NASCAR’s playoffs begin today, in Chicago or thereabouts, and people in stock car towns such as Kannapolis and Randleman and Hueytown and Buhminham – which is how people in Alabama say Birmingham – must be stoked like a ’67 GTO with a Quadrajet four-barrel carburetor.
It’s called The Chase for the Sprint Cup, these 10 races at the end of the season, and it would be sort of exciting if Peyton Manning wasn’t launching a comeback. It also is my belief that some traditional stock car racing fans have as much use for playoffs as Jim Mora did when he was coach of the Colts.
Playoffs?!? You’re talkin’ about playoffs?!? You kiddin’ me?!? Playoffs?!?
Yes, we’re now talkin’ about playoffs in just about every sport. Even in golf. In NASCAR, the playoffs begin at the speedway near Chicago, of all places, which surely must drive the good folks in Kannapolis and Randleman and Hueytown and Birmingham crazy, because Chicago is where President Obama is from. And most NASCAR fans I know are hoping America’s crew chief finishes second.
In Birmingham, they love the governor, but they may not much care for NASCAR playoffs that begin in Chicago. Nor do they much care for Neil Young.
The reason there are NASCAR playoffs and they start around now is because once the NFL starts, everybody more or less stops paying attention to the other sports. This is why baseball will have even more playoffs than usual.
And, in a roundabout way, it also explains why there will be a NASCAR-themed slot machine, developed by Bally Technologies Inc. of Las Vegas.
Owing to pro football’s Cro-Magnon era views on legalized gambling, one can assume there never will be an NFL-themed slot machine, and every little bit helps when one is trading paint with Roger Goodell and the Bounty Hunters in September.
When I clicked on eBay on Saturday, there were 196,146 officially licensed NASCAR products for sale, and a bunch of can koozies with Martin Truex Jr.’s picture on front that looked a little sketchy.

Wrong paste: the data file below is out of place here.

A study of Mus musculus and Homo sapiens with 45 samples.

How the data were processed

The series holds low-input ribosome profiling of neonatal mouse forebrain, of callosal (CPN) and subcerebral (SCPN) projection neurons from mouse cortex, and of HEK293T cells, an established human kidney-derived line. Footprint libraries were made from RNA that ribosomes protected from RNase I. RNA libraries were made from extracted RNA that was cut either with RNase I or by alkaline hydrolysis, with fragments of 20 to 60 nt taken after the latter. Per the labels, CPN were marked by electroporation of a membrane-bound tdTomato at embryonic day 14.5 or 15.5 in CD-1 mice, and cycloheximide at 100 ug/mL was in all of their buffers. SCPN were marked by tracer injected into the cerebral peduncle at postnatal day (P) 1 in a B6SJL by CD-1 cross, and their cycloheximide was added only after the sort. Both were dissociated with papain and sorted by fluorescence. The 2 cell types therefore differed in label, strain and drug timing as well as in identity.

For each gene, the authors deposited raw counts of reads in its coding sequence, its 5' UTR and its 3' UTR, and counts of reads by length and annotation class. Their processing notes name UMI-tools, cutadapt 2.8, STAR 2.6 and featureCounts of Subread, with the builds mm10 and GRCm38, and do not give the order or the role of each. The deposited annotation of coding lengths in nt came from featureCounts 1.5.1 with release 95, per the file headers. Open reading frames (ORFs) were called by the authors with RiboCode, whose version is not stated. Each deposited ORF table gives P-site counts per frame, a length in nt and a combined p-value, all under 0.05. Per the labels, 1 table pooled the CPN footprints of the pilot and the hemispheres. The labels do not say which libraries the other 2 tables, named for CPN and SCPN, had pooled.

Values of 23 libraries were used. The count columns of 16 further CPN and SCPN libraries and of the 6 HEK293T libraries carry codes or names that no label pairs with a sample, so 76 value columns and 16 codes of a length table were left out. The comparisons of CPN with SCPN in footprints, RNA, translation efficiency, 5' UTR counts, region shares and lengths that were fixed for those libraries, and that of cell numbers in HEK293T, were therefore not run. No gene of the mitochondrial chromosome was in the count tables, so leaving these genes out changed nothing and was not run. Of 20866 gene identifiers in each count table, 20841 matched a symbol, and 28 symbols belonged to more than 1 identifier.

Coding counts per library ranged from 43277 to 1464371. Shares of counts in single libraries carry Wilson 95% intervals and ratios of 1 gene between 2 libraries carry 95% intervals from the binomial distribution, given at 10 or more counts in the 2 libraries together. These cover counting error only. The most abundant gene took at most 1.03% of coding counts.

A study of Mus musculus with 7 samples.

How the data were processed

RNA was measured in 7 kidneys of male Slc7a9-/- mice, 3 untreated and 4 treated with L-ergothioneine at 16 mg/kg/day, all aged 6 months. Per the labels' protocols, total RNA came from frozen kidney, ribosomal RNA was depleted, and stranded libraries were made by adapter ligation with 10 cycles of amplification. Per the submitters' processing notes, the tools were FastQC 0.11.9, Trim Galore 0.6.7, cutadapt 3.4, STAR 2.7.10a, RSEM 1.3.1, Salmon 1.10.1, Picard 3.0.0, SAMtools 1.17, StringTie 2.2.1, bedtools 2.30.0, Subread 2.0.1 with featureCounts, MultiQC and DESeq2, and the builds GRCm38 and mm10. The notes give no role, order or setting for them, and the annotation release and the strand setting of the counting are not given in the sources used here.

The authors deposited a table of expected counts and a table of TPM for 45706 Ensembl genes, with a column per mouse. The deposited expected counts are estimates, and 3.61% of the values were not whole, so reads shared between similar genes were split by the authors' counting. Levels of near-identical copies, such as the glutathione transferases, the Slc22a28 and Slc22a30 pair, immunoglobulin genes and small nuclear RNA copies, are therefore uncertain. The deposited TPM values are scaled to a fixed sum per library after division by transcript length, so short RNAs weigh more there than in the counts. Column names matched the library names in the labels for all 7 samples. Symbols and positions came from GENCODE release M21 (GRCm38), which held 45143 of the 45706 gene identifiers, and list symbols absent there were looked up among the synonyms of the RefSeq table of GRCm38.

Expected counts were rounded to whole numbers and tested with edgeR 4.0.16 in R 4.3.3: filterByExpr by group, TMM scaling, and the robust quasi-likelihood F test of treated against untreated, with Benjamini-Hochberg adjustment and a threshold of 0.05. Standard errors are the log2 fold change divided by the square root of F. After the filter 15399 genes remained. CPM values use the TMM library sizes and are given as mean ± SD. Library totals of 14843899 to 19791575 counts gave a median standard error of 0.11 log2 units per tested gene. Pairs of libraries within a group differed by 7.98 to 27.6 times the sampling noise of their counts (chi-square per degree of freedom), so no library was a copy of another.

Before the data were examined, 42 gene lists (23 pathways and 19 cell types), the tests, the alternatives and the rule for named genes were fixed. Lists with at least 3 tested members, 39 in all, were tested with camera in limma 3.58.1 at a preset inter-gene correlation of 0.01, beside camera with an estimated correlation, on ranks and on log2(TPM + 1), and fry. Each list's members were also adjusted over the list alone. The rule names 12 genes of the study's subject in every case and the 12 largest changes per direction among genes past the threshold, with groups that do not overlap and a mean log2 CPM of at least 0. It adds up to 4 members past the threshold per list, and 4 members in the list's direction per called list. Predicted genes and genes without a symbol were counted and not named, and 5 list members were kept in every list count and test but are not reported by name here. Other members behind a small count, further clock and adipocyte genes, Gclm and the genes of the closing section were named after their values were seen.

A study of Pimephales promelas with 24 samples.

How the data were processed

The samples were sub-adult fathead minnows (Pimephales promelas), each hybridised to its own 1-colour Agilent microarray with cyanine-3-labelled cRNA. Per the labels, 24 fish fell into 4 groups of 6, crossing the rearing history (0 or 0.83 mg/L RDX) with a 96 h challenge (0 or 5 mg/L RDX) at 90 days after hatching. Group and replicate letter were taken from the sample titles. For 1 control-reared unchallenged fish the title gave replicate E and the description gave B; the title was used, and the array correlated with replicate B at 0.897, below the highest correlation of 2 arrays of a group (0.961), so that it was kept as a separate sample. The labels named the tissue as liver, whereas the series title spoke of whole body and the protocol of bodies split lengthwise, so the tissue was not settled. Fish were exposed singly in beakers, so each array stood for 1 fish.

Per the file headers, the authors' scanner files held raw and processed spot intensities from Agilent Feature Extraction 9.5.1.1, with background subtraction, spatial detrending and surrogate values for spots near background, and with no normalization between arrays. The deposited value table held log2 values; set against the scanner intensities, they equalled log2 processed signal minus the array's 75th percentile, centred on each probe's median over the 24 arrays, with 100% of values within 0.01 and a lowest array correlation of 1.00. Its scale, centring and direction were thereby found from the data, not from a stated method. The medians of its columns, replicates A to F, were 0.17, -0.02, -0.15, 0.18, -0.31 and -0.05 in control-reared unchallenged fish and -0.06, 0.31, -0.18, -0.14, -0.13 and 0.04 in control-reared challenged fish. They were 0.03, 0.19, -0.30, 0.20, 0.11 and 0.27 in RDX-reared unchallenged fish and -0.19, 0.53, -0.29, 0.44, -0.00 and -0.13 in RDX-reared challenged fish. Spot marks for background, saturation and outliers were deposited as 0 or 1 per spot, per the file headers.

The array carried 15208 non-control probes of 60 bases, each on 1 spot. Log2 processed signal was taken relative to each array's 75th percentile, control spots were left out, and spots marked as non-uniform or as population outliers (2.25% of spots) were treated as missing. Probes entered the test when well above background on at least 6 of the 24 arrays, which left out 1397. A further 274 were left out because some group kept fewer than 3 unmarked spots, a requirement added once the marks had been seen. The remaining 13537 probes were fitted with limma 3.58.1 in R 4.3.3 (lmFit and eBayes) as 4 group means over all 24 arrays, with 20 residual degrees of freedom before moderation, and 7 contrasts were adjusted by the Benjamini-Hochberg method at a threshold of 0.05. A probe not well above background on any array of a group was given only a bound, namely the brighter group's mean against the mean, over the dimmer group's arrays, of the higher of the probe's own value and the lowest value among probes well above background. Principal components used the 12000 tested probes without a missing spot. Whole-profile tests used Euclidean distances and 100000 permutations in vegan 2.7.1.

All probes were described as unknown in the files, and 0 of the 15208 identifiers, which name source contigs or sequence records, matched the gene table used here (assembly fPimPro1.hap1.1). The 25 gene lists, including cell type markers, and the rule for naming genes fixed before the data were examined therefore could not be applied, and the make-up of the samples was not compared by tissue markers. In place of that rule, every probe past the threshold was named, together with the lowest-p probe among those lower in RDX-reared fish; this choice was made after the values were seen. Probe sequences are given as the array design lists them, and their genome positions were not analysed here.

Sometimes it’s a hassle getting an official license from NASCAR, which now has lawyers on the payroll. And you’ve got to run everything past Jeff Gordon’s people, too.
So it has taken until now for Bally’s to bring its NASCAR-themed progressive slot machine up to speed – it will be unveiled at G2E 2012, the global gaming expo, Oct. 2 to 4 at the Sands Expo and Convention Center.
NASCAR’s television ratings are down and so is attendance, but I have a feeling this slot machine is going to lap the field with NASCAR fans who visit Las Vegas, and also NASCAR fans who visit Harrah’s Cherokee Hotel and Casino in Cherokee, N.C., because it is closer.
(It is 198 miles from Cherokee to Kannapolis, and Google says it is a four-hour drive from Cherokee to Randleman. I’ll bet max coins that Richard Petty can do it in 3:15, easy.)
Bally’s NASCAR slot machine features the images and cars and car numbers of Dale Earnhardt Jr., Jimmie Johnson, Jeff Gordon, Kevin Harvick and Clint Bowyer. It also features gas cans, which you can line up like BARs or cherries or Lucky 7s or Granny Clampett’s moonshine jugs on a “Beverly Hillbillies” slot machine.
And it’ll only cost pennies to play, so even guys who haven’t won for a while – Kurt Busch and Harry Gant come to mind — can afford a few spins.
The minimum bet is 40 cents; the maximum $3.20. Cheaper than Wal-Mart. There will be three bonus levels, including one with a tire and a Wheel of Fortune-type wheel, because tests have shown the public still is enamored of Wheel of Fortune and Pat Sajak and Vanna White and buying vowels.
(This also explains why I still have a headache from hearing the infernal “WHEEL OF FORTUNE” chant, ad nauseam, while waiting in line for a cheap hot dog and a $2 Heineken at Slots-A-Fun.)
“You can’t do NASCAR without the drivers,” Bill Wadleigh, the Bally Technologies director of game development – and avowed Harvick enthusiast – told me. “There’s just enough nerd stuff in here (i.e., the Fox NASCAR theme song and the play-by-play voice of Eli Gold) for the hyper fan. But even if you don’t like NASCAR, it’s still got some cool features.”
And Jeff Gordon’s hair will be coiffed, more perfect than a werewolf drinking a pina colada at Trader Vic’s.
Wadleigh said he once designed a NASCAR video game for Hasbro, and Gordon wouldn’t sign off on it because he didn’t like the way his hair was parted on one of the game screens.
So Bally’s NASCAR-themed slot machine will be a lot like the Chase for the Sprint Cup – there will be bells and whistles and, if you’re lucky, a payoff at the end.
Jeff Gordon’s hair will be perfect.
And it doesn’t include Kyle Busch.
Las Vegas Review-Journal sports columnist Ron Kantowski can be reached at email@example.com or 702-383-0352. Follow him on Twitter: @ronkantowski.